James Bay Resources Limited v. Mak Mera Nigeria Limited (Ont CA, 2015)

In this case the Court of Appeal commented on the element of comity as it related to the determination of whether it was a suitable court under the doctrine of forum non conveniens to hear international litigation:
[11] The appellants argue that the motion judge erred in law in failing to specifically consider comity in his analysis, relying on the 1993 decision of the Supreme Court of Canada in Amchem Products Inc. v. British Columbia (Workers’ Compensation Board). That case dealt with anti-suit injunctions and is factually dissimilar to this case. Since Amchem the Supreme Court of Canada has released its decision in Van Breda v. Village Resorts, 2012 SCC 17 (CanLII), [2012] 1 S.C.R. 572 which has over-taken the prior jurisprudence dealing with jurisdiction and forum conveniens issues. At para. 74 of Van Breda the court had this to say in relation to comity:
The goal of the modern conflicts system is to facilitate exchanges and communications between people in different jurisdictions that have different legal systems. In this sense it rests on the principle of comity. But comity itself is a very flexible concept. It cannot be understood as a set of well-defined rules, but rather as an attitude of respect for and deference to other states and, in the Canadian context, respect for and deference to other provinces and their courts (citations omitted) Comity cannot subsist in private international law without order, which requires a degree of stability and predictability in the development and application of the rules governing international or interprovincial relationships. Fairness and justice are necessary characteristics of a legal system, but they cannot be divorced from the requirements of predictability and stability which assure order in the conflicts system. In the words of La Forest J. in Morguard, “what must underlie a modern system of private international law are principles of order and fairness, principles that ensure security of transactions with justice”…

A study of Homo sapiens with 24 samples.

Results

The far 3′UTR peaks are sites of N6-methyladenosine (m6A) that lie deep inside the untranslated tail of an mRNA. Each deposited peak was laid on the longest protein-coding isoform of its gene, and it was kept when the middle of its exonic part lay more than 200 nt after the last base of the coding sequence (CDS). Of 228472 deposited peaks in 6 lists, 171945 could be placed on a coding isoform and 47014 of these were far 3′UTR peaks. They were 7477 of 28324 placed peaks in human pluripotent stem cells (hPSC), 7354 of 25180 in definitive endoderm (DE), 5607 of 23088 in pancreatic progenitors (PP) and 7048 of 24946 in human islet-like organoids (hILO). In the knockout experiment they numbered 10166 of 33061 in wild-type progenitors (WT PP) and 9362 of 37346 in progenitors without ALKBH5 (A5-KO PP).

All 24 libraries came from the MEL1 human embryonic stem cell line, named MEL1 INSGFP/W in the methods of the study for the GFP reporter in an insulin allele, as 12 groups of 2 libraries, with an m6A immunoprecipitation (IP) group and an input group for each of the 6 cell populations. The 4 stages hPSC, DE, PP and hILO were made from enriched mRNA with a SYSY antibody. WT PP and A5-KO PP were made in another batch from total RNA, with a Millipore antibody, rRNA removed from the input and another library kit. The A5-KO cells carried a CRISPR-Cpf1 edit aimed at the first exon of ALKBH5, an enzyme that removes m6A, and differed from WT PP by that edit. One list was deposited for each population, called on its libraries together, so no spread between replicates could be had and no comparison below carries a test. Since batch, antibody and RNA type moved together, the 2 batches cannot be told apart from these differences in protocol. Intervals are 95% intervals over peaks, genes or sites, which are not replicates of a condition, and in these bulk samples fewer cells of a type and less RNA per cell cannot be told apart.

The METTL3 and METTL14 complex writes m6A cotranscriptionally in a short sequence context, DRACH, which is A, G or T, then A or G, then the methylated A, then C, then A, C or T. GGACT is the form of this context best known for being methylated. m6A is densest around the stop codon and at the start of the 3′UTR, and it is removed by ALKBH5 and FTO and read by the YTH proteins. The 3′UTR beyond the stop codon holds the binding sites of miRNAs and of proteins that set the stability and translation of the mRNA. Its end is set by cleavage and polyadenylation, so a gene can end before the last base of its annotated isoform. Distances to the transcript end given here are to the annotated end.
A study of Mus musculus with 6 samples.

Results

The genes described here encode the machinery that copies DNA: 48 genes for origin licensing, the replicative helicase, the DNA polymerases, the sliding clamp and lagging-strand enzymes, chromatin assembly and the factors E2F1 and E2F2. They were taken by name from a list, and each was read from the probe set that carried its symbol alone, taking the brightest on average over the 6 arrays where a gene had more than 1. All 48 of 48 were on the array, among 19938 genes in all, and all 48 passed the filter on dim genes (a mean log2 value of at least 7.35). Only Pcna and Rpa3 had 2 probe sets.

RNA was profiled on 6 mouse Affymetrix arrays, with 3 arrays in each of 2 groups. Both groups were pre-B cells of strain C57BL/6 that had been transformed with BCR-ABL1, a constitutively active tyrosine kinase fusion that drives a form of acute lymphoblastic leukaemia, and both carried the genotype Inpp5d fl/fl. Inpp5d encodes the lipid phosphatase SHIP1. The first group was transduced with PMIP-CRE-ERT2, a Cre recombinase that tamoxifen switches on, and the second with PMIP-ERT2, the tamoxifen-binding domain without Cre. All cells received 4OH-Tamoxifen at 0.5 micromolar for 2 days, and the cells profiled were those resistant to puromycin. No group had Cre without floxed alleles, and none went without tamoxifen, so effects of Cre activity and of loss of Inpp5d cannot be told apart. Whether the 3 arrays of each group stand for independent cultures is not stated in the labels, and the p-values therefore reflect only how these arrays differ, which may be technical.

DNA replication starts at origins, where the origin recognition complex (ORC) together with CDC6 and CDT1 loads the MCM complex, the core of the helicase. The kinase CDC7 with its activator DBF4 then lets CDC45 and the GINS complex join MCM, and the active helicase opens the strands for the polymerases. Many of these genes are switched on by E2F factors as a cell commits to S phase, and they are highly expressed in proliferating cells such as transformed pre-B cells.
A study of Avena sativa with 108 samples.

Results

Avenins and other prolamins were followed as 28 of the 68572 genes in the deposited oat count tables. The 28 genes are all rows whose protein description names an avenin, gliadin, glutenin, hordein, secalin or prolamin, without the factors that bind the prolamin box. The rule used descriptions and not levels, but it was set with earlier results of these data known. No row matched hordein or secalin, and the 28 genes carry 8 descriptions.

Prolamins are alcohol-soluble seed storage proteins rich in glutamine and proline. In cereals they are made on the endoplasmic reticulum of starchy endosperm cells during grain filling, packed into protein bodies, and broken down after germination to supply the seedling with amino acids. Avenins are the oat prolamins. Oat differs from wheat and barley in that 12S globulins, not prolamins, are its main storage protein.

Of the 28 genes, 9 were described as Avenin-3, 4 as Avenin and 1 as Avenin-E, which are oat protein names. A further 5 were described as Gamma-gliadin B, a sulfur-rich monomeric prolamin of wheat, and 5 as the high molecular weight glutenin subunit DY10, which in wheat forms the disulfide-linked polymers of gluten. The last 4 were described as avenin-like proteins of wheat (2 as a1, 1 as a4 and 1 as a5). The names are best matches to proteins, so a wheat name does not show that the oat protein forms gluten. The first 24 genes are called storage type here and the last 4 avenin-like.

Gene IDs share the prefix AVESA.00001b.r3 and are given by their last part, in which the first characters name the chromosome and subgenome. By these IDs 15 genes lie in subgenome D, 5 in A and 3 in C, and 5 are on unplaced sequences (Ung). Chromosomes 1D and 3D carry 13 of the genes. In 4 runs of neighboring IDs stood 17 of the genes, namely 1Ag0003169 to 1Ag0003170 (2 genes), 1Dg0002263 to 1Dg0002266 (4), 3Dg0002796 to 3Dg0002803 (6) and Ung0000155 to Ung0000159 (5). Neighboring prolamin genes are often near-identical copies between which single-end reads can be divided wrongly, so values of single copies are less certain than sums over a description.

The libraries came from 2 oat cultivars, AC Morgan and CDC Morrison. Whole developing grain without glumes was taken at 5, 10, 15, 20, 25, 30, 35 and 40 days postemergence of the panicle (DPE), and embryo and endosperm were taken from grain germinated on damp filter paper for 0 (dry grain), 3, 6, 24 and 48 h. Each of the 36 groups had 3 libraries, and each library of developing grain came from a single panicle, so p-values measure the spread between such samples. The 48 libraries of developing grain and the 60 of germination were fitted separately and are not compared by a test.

[12] Comity is not a stand-alone factor. It is part and parcel of the forum non conveniens assessment in a given case. In Teck Cominco Metals Ltd. v. Lloyd’s Underwriters et al., 2009 SCC 11 (CanLII), [2009] 1 S.C.R. 321 (which decision is quoted in Van Breda) the Chief Justice says at para 21:
The first argument is that s.11 of the [Court Jurisdiction and Proceedings Transfer Act (CJPTA)] does not apply where a foreign court has asserted jurisdiction. I cannot agree. The CJPTA creates a comprehensive regime that applies to all cases where stay of proceedings is sought on the grounds that the action should be pursued in a different jurisdiction (forum non conveniens). It requires that in every case, including cases where a foreign judge has asserted jurisdiction in parallel proceedings, all relevant factors listed in s. 11 be considered in order to determine if a stay of proceedings is warranted. This includes the desirability of avoiding a multiplicity of legal proceedings. But the prior assertion of jurisdiction by a foreign court does not oust the s. 11 inquiry.
And further at para 23:
Teck submits that the usual multi-factored test under s. 11 of the CJPTA must give way to a “comity- Based” test when a foreign court positively asserts jurisdiction. To the extent this argument implies that the usual test does not give due comity to foreign courts, it must be rejected. Section 11 is itself a comity-based approach.
[13] While the court in Teck was dealing with a British Columbia case and in that province a statute – the CJTPA – is intended to codify the determination of jurisdictional issues, a review of s.11 of the CJPTA reveals that it is very much a codification of the factors set out by LeBel J. in Van Breda that a court should take into consideration when it considers the issue of forum non-conveniens.